By JON ELDON
For the Capital Press
Culture wars are all around us. Or at least they seem to be, when we ignore the numerous reasonable discussions and instead focus on the vocal minorities at the extremes.
Take the now-popular "red state-blue state" concept. Pink, purple or -- heaven forbid! -- red-blue states are now only mentioned in the days leading up to an election and even then only until they "go" one way or the other. Never mind the fact that these colors are often separated by a few percentage points at most.
For decades, we as a society have used a similar approach to describe the supposed division between agriculture and environmental interests. This contrast is often presented with all the nuance of the old bumper sticker from Northwest timber country: "Are you an environmentalist, or do you work for a living?"
In reality, this is not a divide between competing alternatives, but rather an overlap of interests. So to answer that question -- well it's just not a good question in the first place. See, if you cut all the trees down then you won't be working for a living for very long, but if you don't cut down any then you might find yourself working real hard to stay alive.
Instead, why don't we focus on more practical questions, such as how many to cut, when, where, how and to what purpose?
The vast majority of farmers and ranchers are aware of environmental concerns, just as the vast majority of environmentalists are aware that agriculture is an essential part of any environmental discussion.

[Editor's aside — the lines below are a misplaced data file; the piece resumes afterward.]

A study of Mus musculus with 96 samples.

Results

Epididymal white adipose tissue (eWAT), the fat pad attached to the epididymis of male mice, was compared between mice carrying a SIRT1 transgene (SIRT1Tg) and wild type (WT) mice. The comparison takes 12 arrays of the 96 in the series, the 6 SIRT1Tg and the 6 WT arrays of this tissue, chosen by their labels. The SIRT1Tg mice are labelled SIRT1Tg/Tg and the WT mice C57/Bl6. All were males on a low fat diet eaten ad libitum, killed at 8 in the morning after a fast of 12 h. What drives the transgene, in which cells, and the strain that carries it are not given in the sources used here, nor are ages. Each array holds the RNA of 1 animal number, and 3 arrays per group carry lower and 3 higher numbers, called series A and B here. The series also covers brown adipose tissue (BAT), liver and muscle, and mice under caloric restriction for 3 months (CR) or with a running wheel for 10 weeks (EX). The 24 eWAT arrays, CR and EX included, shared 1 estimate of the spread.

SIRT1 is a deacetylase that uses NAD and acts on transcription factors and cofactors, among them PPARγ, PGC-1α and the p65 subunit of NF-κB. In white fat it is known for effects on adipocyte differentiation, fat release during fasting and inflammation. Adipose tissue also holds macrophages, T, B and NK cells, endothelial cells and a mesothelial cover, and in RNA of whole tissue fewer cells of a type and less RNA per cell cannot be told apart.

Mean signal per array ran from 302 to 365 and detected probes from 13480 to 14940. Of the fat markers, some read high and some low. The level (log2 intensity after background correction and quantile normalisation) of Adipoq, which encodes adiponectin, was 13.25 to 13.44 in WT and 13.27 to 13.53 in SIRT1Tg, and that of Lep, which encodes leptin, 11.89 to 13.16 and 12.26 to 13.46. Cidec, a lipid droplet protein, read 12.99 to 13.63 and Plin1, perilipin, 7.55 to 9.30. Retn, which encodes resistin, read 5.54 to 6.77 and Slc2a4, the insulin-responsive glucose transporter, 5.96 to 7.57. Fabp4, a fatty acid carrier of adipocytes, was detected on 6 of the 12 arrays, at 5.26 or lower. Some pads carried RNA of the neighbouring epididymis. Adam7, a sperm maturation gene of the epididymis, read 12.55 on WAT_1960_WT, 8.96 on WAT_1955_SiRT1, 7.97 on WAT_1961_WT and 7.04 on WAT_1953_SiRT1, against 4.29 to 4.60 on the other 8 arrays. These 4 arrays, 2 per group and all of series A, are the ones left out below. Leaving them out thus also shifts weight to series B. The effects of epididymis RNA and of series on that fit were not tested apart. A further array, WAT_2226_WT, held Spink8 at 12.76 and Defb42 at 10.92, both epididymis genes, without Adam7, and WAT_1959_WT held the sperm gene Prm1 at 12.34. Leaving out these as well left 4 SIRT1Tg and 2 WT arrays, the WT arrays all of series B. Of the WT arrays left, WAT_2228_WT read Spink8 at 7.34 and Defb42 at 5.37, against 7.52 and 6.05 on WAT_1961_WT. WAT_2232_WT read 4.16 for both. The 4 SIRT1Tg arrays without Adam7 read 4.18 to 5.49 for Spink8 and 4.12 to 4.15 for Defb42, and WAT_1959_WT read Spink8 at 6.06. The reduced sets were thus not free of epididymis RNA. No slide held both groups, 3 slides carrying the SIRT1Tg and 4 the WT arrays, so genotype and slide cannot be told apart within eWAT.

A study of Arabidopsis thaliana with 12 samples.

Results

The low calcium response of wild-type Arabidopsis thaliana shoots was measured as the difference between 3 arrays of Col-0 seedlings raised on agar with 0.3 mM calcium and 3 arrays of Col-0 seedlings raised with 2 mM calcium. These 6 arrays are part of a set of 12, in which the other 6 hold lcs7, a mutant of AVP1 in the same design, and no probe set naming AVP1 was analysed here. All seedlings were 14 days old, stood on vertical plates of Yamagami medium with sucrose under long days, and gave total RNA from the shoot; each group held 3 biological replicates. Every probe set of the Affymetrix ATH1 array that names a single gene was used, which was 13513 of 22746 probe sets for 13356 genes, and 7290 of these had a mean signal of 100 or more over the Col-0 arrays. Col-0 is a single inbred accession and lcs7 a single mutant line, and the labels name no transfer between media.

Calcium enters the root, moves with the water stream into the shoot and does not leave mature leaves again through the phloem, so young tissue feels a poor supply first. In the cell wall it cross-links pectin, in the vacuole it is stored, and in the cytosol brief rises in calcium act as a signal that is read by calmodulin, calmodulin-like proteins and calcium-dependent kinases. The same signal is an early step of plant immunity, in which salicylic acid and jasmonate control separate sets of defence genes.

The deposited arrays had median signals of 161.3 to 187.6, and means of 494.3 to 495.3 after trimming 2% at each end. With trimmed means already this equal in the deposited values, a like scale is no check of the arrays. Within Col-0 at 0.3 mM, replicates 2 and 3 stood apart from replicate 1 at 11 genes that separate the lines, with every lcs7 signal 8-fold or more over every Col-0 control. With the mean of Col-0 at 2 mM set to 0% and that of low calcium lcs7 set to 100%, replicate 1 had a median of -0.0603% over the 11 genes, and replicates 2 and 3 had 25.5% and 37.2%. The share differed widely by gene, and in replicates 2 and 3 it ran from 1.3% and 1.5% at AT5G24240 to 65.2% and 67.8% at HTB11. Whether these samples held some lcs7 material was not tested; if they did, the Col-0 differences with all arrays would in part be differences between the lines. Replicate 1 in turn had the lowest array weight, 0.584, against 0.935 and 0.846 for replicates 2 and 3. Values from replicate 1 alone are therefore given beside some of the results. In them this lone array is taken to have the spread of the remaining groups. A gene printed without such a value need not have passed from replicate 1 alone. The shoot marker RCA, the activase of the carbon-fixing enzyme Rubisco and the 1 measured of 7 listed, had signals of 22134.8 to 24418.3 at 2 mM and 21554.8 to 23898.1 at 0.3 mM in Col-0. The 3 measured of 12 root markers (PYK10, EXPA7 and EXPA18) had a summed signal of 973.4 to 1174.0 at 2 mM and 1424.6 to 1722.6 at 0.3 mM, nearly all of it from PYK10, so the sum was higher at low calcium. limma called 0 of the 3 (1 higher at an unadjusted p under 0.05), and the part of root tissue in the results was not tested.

How environmental concerns can be met without undermining agriculture -- well, now, that's a serious question -- and denying one interest or the other doesn't get us anywhere closer to addressing it.
This practical approach is increasingly reflected by the activities of people who should, by all accounts, be at war, such as The Nature Conservancy and the California Cattleman's Association.
This is not to say that strong disagreement within the overlap between agricultural and environmental interests will not continue, but it is probably about time that we stop discussing these issues as if they are a struggle of good versus evil (or evil versus good, depending on which side you're on).
As a society we are certainly not ready to all hold hands and sing "Kumbaya" around a campfire. That is not a realistic or even a very appealing goal, but we could certainly do a better job of ignoring the heckling from the cheap seats.
With an increasing number of farmers and ranchers turning to social media and other outlets to tell their stories, and an increasing number of college graduates leaving the cities to apply themselves to the business end of a shovel, we can hardly even claim that there is a communication problem anymore -- unless it is one of our own making.
If we are to address any of the important problems facing agriculture and the environment, we need to at least begin our arguments by recognizing our shared interests and common ground. Let the 1 percent on both "sides" scream themselves hoarse. The rest of us in the middle have work to do.
Jon Eldon is an agricultural scientist completing his doctorate at the University of California-Santa Cruz.
He has previously worked as a commercial fisherman, wildland firefighter and farm laborer.